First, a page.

Coronavirus: Priest's praise as frontline staff weep for dying man

By Eimear Flanagan


When Fr Brian Fitzpatrick was called to give the last rites to a patient, four people were gathered around the man's bedside.

At first, the priest did not know who they were as all four were wearing full personal protective equipment.

He presumed it was the dying man's family as one of them one was in tears.

The others were holding the patient's hand and wiping his brow, while one of the group quietly recited a prayer.

The County Armagh priest took his place by the patient's bed in Craigavon Area Hospital and waited for the prayer to finish.

When he looked up again, he noticed names were written on the group's visors, along with their job titles.

He then realised it was not the patient's family who were weeping, praying and keeping this sorrowful deathbed vigil - instead it was his young nurses and doctors.

image copyrightPacemaker
image captionThe man who had Covid-19 was being treated at Craigavon Area Hospital

Fr Fitzpatrick, who works in the Catholic parishes of Seagoe and Moyraverty, wrote about the incident on his parish Facebook page earlier this week.

"They were the ones comforting him, weeping for him, praying with him," he wrote.

"These are our frontline staff; they are giving everything in service for us and our family members and I will never forget that touching sight and beautiful experience as long as I live."

Hospital visiting has been severely restricted during this current surge in the coronavirus pandemic.

There are some exceptions for end of life visits, but infection risks mean many Covid-19 patients are dying without their families being able to say goodbye in person.

Speaking to BBC News NI, Fr Fitzpatrick said he shared the incident on social media in the hope that the compassion he witnessed from health service staff would give some comfort to grieving relatives.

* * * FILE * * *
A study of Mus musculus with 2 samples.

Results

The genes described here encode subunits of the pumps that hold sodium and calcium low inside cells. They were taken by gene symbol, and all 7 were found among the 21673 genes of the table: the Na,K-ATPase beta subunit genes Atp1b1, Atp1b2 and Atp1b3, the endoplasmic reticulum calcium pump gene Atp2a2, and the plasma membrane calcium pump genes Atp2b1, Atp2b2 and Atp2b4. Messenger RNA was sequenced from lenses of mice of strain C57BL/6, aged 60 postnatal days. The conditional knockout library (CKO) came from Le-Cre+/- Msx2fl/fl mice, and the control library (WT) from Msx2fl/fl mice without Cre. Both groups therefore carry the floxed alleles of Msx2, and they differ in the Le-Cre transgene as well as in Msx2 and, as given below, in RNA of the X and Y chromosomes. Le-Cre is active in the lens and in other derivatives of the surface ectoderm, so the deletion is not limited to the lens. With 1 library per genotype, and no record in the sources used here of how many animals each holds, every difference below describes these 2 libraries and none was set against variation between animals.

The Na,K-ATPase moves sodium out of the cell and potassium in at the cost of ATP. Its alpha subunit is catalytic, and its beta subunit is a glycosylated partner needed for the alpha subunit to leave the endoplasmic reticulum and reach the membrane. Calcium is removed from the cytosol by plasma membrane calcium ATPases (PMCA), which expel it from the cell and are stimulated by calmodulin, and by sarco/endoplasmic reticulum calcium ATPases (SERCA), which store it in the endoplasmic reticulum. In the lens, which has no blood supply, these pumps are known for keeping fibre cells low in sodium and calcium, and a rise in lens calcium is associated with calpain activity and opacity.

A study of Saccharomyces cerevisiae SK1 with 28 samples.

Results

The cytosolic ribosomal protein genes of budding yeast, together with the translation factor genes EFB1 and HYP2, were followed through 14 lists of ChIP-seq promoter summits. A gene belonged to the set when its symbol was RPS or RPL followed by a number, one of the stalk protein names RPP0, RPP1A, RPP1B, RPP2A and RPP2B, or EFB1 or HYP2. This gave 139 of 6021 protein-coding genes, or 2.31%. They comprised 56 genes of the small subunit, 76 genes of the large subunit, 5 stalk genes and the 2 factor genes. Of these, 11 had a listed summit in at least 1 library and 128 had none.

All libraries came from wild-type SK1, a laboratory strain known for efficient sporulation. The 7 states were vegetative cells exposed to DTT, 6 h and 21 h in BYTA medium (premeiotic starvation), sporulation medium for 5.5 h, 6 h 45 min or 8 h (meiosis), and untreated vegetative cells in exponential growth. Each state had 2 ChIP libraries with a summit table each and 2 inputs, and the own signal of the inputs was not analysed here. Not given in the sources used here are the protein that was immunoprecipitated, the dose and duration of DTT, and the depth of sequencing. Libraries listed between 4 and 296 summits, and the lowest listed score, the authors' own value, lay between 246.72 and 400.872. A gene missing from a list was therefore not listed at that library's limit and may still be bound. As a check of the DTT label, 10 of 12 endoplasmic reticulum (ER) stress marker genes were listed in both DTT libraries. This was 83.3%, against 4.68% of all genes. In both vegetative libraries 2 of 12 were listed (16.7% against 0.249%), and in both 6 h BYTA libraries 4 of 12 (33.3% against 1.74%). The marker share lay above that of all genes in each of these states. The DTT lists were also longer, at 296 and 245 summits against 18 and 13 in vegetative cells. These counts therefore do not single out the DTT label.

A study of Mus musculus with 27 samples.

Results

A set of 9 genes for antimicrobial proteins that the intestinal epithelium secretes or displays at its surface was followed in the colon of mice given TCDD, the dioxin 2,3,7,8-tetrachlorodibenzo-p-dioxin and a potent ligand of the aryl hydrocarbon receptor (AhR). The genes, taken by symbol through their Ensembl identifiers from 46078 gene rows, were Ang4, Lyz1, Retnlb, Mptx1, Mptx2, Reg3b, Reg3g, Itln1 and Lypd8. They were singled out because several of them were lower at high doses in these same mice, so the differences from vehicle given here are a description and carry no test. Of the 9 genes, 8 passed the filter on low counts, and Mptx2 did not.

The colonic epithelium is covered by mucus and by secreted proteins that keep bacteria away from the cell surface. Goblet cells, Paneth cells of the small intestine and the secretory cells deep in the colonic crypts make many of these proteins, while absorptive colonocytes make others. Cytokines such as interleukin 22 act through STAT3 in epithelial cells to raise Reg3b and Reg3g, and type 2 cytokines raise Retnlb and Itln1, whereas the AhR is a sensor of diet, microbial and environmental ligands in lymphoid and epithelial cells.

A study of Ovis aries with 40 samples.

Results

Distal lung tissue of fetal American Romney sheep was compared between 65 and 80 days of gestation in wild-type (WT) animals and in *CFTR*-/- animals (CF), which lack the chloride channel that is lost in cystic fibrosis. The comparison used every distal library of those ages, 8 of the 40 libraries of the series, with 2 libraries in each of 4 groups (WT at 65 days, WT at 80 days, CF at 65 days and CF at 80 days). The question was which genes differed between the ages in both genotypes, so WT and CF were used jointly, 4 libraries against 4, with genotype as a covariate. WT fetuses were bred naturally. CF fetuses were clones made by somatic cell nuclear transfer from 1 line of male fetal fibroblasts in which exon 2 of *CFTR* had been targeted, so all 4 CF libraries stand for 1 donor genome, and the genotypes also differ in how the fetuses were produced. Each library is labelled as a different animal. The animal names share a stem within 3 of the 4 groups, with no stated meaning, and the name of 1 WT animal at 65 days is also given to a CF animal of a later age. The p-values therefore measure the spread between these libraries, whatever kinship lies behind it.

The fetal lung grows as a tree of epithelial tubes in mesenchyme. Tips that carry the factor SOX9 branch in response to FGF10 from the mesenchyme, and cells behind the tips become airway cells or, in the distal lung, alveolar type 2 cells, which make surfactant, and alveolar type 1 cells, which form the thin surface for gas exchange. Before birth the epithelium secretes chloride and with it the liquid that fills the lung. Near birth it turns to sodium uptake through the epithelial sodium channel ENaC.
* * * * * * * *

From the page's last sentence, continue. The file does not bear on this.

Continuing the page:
"That's what a family would bring to their loved one, and here was almost a stand-in family for those who couldn't be at their loved one's bedside," he said.

"The staff were just expressing everything that any human being would do for someone who is close to the end of their life and it was very, very touching and very, very encouraging."

His Facebook post has since been shared thousands of times, prompting many people to express gratitude for the care, kindness and empathy shown by exhausted frontline healthcare workers.

After our Mass for frontline staff today I was called to #CraigavonHospital to anoint someone near the end of life with...

Posted by Seagoe Parish: Derrymacash & Derrytrasna on Tuesday, January 19, 2021
The BBC is not responsible for the content of external sites.View original post on Facebook

Fr Fitzpatrick has been a priest for six and half years and since the pandemic began he has been called to hospitals dozens of times to minister to patients who are dying with Covid-19.

He said he realises he is in a "privileged position" as a hospital chaplain, as many people cannot get into hospitals at the moment to visit patients or see what is happening.

'Their hearts and their humanity'

He paid tribute to frontline staff who were able to show such compassion, despite current pressures.

"I was just so struck by the fact that these professional people, who are highly skilled in the work that they do and bring so much of their learning and their education and their professionalism to their work - were using all that and also their humanity," the priest said.

"What was really reaching out to this patient wasn't so much their degrees and their education, but their hearts and their humanity and the warmth of their own human nature and goodness."

image copyrightFr Brian Fitzpatrick
image captionFr Brian Fitzpatrick shared the story to comfort grieving families

Having spent time with terminally ill patients throughout the pandemic, Fr Fitzpatrick said it was clear that hospital staff are finding this third wave the most difficult.

He believes much of the "energy" staff had to tackle the first wave is now gone, but he added that made their current response all the more impressive.

"They are exhausted and they are wearied and tired, and yet, they still turn up and they still do what they have to do," he said.

"They deal with death all the time, but I suppose it's the volume of it this time and the feeling that this is just coming at them without much easing."

He added: "Sadly, the number of deaths is still rising and that's going to be the case until the peak begins to subside."